Find Out If Your National Electric Code Skills Are Electrified
Installers should take this quiz to determine how well they know the NFPA 70 National Electric Code (NEC) as it pertains to speakers installed in plenum and acoustical ceiling tile.
For many high-voltage, low-voltage, security and life safety installers, the NFPA 70: National Electric Code (NEC) provides critical guidelines to be followed on the job site. The problem is that many probably need a primer on these all-important codes.
Takes this quick quiz to determine how well you know the NFPA 70 National Electric Code as it pertains to speakers installed in plenum and acoustical ceiling title.
Know the Code: Hanging Speakers
Well, how did you do on the quiz? Whether installers aced this quick quiz or it revealed that they badly need a primer, pretty much all installers that work with speakers installed in plenum and acoustical ceiling title probably require some continuous brushing up.
Lencore Acoustics offers a valuable resource for bettering understand NFPA 70 related codes in a quick primer, “Know the Code: Hanging Speakers.” Find it here.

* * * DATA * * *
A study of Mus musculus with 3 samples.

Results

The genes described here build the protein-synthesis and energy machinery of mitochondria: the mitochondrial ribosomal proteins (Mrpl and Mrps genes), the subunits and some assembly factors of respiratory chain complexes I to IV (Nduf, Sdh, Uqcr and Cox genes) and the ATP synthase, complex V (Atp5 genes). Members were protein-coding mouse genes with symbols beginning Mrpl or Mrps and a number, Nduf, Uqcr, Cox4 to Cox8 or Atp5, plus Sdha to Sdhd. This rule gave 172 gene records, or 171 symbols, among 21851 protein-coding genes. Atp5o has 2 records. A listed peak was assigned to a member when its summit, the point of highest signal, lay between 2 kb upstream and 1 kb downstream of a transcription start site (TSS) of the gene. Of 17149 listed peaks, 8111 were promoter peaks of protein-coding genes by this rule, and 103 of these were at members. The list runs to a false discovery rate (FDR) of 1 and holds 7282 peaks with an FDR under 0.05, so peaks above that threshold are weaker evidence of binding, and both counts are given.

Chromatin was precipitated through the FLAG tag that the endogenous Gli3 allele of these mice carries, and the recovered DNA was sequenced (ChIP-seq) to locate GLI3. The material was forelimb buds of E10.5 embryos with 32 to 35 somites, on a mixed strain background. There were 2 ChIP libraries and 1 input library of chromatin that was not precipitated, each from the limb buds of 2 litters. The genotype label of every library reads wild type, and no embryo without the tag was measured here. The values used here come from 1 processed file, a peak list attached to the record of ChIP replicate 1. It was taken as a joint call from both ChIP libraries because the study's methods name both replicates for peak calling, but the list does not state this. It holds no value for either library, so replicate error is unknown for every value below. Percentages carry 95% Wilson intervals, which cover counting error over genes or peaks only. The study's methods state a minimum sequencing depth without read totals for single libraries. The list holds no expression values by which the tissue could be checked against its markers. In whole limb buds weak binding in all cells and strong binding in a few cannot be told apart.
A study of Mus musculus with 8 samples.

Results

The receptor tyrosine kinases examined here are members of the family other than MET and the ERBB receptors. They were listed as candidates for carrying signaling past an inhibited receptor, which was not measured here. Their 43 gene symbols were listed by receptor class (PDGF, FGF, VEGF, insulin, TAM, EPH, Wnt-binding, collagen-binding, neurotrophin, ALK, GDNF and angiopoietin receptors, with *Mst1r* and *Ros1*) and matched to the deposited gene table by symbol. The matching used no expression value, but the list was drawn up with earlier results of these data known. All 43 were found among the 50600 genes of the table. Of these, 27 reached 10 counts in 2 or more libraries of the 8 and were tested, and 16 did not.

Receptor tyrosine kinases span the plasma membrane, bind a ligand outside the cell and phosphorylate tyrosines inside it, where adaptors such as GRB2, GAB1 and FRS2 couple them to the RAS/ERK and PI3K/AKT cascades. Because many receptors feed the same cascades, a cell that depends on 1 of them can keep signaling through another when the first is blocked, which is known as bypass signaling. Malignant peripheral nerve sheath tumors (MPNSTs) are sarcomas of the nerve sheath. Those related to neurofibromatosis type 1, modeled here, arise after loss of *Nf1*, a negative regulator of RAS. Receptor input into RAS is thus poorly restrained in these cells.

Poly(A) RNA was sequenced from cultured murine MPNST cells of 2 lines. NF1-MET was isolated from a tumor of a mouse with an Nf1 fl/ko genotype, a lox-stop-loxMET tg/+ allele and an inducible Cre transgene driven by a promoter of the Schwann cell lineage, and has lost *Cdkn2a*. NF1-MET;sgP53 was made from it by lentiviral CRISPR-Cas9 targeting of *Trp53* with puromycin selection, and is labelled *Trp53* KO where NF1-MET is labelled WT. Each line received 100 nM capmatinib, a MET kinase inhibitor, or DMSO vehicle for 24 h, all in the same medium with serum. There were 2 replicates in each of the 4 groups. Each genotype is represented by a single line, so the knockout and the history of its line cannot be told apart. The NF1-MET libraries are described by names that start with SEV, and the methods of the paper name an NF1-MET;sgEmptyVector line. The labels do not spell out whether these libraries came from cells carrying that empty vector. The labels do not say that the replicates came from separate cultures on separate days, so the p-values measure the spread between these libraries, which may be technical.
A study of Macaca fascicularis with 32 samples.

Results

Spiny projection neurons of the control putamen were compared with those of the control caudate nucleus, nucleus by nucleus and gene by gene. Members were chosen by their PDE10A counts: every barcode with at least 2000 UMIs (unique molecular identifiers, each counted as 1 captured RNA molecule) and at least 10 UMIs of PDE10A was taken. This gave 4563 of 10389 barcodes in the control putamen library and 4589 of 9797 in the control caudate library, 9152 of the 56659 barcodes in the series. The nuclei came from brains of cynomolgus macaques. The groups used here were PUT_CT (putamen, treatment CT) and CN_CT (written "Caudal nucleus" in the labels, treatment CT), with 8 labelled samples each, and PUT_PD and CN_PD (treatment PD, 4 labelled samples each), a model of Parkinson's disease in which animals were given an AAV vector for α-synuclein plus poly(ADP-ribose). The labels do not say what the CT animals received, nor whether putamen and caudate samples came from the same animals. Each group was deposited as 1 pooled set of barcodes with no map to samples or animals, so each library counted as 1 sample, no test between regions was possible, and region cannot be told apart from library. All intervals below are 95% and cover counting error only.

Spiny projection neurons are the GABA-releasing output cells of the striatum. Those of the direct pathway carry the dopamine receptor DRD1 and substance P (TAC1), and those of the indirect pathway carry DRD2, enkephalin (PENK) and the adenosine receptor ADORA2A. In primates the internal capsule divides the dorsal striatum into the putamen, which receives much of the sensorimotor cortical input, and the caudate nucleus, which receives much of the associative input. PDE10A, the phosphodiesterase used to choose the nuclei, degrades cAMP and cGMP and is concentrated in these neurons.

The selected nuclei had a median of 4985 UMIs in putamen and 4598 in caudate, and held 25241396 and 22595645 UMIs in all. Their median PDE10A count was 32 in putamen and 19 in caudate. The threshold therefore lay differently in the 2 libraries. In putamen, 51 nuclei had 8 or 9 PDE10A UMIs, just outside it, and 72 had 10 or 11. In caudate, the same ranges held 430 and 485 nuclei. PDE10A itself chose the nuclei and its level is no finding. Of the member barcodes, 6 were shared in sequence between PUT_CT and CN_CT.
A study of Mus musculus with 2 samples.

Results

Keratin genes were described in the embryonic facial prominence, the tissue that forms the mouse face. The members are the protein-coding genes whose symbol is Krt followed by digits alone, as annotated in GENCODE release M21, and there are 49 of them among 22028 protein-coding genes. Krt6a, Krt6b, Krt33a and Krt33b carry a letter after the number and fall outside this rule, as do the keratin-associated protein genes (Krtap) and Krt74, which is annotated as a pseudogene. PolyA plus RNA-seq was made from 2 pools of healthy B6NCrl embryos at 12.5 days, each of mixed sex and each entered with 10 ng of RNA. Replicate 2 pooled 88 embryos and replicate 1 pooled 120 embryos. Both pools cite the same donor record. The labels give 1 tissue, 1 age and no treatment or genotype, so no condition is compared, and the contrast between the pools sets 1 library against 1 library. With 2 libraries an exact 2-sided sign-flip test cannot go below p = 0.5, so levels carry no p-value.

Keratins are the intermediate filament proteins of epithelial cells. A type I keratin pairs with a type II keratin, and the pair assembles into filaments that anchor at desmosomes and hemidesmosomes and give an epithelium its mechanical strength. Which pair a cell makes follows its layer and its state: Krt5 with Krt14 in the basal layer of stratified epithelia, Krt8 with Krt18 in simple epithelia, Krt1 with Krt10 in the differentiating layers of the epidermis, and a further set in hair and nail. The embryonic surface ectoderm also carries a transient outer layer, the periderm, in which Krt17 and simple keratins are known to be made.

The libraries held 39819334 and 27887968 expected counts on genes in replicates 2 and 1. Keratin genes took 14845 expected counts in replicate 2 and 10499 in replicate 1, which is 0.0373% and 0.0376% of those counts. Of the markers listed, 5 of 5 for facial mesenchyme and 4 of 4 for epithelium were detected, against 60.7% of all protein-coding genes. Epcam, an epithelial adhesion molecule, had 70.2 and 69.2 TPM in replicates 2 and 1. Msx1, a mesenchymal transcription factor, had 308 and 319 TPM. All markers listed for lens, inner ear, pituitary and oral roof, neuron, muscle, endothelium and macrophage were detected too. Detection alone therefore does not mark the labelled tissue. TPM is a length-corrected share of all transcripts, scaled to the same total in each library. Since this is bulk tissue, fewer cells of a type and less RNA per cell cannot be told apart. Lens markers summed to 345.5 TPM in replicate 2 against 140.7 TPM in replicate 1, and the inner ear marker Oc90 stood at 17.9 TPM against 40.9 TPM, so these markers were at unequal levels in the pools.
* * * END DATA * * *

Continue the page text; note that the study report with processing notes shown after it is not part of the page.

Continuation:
As the document states, “Whether you are designing, quoting or installing a sound masking, audio, paging or mass notification system, you must be aware of the requirements detailed by the NEC.
Why Mass Notification and Sound masking?
One reason Lencore is tuned into NFPA 70 related codes is its focus on solutions for sound masking, audio, paging and mass notification. In many cases, according to Lencore VP of marketing David Smith, integrators have an opportunity to provide integrated solutions across those categories.
Indeed, he explained during an interview at InfoComm 2018, the opportunity to meet demands for more integrated MNEC and sound masking solutions is being driven, in part, by code adoption. Specifically, the NFPA 72 code, which sets standards for fire detection, signaling, and emergency communications, and is being widely adopted across the U.S. “is really helping to drive the requirement to put in mass notification systems,” he said.
“From the sound masking perspective as it relates to the code adoption that’s happening in the marketplace you actually have to mute any sort of ambient noise in order not to have competing signals when you’re trying to create a verbal communication to building occupants.
“If you have sound masking playing and there’s a fire or a weather related emergency that you need to inform building occupants of you want to mute that masking and that’s part of the code requirement.”
Learn more about NFPA 70: National Electric Code requirements here.